Is it possible to copyright a website idea before the website has been launched?

I am attempting to launch a crowdfunding campaign for a website idea, before the site is fully constructed. How can I make sure my idea stays safe?

Asked on August 3, 2015 under Business Law, Pennsylvania

Answers:

SJZ, Member, New York Bar / FreeAdvice Contributing Attorney

Answered 5 years ago | Contributor

1) You can't copyright ideas. Copyright protects an actual (i.e. not just thought about, but made or created) original creative endeavor, such as a textual, graphic, scultupural, photographic or video creation, or new software code.

2) More generally, mere "ideas," no matter how revolutionary, are not protected by any form of intellectual property protection (e.g. patents, copyright or trademark).

3) Disclose as little of the idea as you can to anyone not involved in working on it--secrecy is protection.

4) Have anyone who works on the idea (or to whom you must disclose it, such as for financing purposes) sign a non-disclosure/confidentiality agreement *before* you show them the idea. This agreement will state that the idea belongs to you and that they may not disclose it to any other person without your written permission or use it for their own benefit. This agreement will be a contract, which can be enforced like any other contract: if someone violates it, you could sue them for monetary compensation and/or for a court order ("injunction") prohibiting them from using or disclosing the idea.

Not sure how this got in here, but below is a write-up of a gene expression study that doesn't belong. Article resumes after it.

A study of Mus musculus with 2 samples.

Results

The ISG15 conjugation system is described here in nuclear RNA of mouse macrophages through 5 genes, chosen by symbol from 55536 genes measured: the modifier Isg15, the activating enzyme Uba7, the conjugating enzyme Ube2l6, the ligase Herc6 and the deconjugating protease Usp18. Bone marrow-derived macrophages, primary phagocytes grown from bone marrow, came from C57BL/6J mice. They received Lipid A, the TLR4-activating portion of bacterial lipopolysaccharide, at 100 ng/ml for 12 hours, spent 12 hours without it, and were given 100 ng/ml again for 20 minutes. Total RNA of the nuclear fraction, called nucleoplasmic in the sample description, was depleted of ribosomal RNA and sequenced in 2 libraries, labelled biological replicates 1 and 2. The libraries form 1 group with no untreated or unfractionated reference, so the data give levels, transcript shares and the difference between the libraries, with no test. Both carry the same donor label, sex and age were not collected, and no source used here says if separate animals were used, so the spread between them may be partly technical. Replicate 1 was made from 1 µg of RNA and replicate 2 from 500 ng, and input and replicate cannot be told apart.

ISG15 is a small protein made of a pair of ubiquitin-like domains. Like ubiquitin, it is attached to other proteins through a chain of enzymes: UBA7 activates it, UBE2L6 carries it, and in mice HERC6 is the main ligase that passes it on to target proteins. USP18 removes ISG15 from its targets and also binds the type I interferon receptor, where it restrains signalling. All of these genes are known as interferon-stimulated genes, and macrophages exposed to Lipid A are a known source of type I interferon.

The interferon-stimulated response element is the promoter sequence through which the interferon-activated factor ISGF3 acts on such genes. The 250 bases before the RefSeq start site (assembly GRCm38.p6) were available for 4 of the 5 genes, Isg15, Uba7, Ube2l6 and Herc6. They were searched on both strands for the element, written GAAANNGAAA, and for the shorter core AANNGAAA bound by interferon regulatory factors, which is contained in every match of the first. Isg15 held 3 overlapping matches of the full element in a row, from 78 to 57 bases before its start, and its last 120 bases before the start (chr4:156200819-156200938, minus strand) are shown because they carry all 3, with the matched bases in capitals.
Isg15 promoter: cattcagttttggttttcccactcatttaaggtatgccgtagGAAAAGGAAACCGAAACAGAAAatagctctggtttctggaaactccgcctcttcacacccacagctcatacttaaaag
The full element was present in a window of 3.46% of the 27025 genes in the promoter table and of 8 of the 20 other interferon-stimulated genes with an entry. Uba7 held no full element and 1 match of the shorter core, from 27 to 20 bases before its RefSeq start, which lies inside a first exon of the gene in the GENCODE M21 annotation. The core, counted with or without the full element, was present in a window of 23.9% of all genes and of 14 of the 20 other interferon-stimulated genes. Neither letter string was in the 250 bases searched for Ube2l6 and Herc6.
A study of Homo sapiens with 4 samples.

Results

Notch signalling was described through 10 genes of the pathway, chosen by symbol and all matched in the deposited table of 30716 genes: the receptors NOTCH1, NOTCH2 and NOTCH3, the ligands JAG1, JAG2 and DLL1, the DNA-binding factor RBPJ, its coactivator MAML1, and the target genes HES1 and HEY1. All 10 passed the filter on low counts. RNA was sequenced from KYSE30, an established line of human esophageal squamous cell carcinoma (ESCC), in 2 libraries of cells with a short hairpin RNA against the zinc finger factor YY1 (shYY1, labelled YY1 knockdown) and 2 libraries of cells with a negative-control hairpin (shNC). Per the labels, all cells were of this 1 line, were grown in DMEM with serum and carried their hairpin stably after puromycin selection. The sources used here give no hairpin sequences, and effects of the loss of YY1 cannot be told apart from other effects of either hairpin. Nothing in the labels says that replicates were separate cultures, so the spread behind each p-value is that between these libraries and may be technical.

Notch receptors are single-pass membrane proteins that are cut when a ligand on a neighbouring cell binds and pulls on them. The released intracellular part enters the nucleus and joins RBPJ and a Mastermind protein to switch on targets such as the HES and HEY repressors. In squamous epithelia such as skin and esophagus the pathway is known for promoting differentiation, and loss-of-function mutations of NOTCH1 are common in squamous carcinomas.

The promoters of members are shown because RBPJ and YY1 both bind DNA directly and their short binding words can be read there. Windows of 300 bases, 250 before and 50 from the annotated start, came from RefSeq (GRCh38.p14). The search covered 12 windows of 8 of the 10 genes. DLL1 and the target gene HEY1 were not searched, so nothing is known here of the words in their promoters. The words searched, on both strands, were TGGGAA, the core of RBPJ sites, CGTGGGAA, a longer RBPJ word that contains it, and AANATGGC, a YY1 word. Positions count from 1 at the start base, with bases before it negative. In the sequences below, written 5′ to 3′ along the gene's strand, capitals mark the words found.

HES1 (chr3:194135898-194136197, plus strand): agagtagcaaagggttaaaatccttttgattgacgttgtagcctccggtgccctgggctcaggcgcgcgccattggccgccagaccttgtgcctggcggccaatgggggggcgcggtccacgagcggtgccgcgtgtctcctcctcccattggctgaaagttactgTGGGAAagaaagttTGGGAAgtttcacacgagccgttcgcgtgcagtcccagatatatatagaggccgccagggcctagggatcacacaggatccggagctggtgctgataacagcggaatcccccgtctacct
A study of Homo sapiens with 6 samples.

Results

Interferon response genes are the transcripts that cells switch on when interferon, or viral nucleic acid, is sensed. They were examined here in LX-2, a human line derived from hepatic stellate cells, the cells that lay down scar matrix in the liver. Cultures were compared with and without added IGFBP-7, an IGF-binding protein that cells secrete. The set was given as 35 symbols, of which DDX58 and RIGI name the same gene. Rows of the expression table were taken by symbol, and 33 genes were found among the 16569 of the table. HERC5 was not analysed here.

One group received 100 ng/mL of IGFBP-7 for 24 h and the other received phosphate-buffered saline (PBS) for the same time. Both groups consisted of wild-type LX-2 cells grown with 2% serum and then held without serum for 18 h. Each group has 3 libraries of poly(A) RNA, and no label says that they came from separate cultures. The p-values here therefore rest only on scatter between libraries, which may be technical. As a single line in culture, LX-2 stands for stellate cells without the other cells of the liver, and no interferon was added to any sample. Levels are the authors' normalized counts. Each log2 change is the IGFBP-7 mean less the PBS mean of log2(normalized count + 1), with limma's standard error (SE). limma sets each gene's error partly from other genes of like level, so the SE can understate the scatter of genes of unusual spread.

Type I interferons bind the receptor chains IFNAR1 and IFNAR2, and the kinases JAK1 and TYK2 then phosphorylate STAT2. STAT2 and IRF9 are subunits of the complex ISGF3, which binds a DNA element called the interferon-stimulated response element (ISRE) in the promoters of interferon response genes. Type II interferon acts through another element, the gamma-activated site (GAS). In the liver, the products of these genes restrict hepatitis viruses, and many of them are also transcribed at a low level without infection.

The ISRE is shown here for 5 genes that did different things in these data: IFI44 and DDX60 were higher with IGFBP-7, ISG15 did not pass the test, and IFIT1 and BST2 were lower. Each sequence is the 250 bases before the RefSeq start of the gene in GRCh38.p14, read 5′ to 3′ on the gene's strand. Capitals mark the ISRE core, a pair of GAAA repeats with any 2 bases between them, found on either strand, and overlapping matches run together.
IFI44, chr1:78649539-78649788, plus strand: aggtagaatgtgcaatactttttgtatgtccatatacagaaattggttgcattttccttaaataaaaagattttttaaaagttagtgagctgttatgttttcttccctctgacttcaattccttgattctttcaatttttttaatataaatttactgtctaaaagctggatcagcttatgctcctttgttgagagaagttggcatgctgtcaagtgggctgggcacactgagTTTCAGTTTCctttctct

SJZ, Member, New York Bar / FreeAdvice Contributing Attorney

Answered 5 years ago | Contributor

1) You can't copyright ideas. Copyright protects an actual (i.e. not just thought about, but made or created) original creative endeavor, such as a textual, graphic, scultupural, photographic or video creation, or new software code.

2) More generally, mere "ideas," no matter how revolutionary, are not protected by any form of intellectual property protection (e.g. patents, copyright or trademark).

3) Disclose as little of the idea as you can to anyone not involved in working on it--secrecy is protection.

4) Have anyone who works on the idea (or to whom you must disclose it, such as for financing purposes) sign a non-disclosure/confidentiality agreement *before* you show them the idea. This agreement will state that the idea belongs to you and that they may not disclose it to any other person without your written permission or use it for their own benefit. This agreement will be a contract, which can be enforced like any other contract: if someone violates it, you could sue them for monetary compensation and/or for a court order ("injunction") prohibiting them from using or disclosing the idea.